Wednesday, September 30, 2009


by folkbum

Christian Schneider, writing at WPRI, fails to prove his thesis:
At the center of the debate is the idea of a “public option:” a government-run health program that liberals say would merely compete with private plans for customers. Conservatives counter that historically, when a generous government plan is instituted, private businesses tend to scale back or even drop their health plans, so their employees can save them money by going on the public plan.
On the one hand, this seems moderately logical--employers will shirk their traditional responsibilities to let someone else do it. On the other hand, it is completely disproved by the facts. Pesky things, those facts.

Schneider uses the experience of Wisconsin and BadgerCare to "prove" that this happens. Because BadgerCare enrollment exceeds what was expected when the program was passed (in arguably unusually strong economic times) in 1997, Schneider implies, that must mean that employers have shed coverage like crazy here in Wisconsin. And, he goes on, any further reform of health care, at the national level, for example, would lead to employers doing the same.

Pesky facts! It turns out that Wisconsin has not seen a massive shift from private to public insurance since the advent of BadgerCare! Scroll down to tables 7 and 8 of this report. Table 7 notes the percentage change in coverage provided by employers in all states between 2000 (when, coincidentally, BadgerCare took effect) to 2004 (which is the year Schneider notes BadgerCare saw peak enrollment). While Wisconsin declined at a slightly higher rate that nationwide (6.5% vs, 4.6%), Wisconsin still handily beat the national average, with, in fact, the 7th highest rate of employer-provided coverage in the country in 2004.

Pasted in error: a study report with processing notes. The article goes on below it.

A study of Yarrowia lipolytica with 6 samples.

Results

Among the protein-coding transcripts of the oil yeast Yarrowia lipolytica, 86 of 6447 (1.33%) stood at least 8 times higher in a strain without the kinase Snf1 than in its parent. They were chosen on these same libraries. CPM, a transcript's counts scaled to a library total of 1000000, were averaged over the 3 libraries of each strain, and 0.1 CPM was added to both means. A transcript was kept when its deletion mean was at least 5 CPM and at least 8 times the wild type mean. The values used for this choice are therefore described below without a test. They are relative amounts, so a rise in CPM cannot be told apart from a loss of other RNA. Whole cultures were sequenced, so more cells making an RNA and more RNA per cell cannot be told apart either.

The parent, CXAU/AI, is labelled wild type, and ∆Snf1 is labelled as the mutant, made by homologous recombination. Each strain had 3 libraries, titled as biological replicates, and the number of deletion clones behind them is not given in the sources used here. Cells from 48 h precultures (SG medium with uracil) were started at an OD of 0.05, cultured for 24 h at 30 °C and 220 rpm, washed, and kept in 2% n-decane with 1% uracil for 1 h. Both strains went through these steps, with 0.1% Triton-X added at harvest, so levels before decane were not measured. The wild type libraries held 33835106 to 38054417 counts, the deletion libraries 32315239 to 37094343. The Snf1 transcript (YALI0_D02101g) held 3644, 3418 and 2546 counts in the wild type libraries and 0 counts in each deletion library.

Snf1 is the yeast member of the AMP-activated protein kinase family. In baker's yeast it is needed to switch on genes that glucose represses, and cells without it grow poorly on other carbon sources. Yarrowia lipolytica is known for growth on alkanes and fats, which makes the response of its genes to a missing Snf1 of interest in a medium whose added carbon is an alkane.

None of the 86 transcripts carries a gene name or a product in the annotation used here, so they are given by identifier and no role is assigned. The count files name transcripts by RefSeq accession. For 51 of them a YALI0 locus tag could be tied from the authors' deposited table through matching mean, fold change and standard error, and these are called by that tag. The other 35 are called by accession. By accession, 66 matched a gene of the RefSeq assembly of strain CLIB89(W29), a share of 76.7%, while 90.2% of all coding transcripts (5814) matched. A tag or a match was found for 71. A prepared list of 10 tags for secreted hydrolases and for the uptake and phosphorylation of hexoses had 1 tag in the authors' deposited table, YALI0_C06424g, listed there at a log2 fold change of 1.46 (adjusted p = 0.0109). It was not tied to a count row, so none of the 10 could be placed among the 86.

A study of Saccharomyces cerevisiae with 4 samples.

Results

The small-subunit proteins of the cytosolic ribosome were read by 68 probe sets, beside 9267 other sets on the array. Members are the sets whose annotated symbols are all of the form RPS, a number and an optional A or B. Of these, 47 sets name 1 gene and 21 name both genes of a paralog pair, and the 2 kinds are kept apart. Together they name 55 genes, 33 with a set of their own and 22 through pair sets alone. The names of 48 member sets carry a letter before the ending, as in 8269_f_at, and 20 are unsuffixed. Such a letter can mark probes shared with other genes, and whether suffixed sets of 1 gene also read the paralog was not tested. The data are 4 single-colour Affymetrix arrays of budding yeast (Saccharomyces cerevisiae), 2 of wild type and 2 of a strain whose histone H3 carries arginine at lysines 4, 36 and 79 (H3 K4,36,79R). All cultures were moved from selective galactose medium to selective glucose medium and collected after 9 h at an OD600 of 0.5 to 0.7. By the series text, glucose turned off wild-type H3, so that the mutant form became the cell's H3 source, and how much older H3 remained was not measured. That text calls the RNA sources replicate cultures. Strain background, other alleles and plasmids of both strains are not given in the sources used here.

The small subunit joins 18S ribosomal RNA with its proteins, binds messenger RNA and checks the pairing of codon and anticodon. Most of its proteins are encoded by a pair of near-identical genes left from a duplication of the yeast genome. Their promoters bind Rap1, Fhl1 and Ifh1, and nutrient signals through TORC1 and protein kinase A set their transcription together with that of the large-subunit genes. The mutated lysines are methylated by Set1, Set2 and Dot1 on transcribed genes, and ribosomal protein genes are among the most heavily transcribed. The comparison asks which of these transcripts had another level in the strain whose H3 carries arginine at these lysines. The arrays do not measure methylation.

Is it possible that some of the people who lost coverage in that period did so because employers dumped them onto BadgerCare? We can't rule that out. However, it is pretty clear from Wisconsin's continued high rates of employer-provided health insurance, even in the face of BadgerCare, that Schneider's theory of mass shifts to the "public plan" never happened. Wisconsin employers still, overwhelmingly and at a much higher rate than the national average, offer insurance coverage to their workers.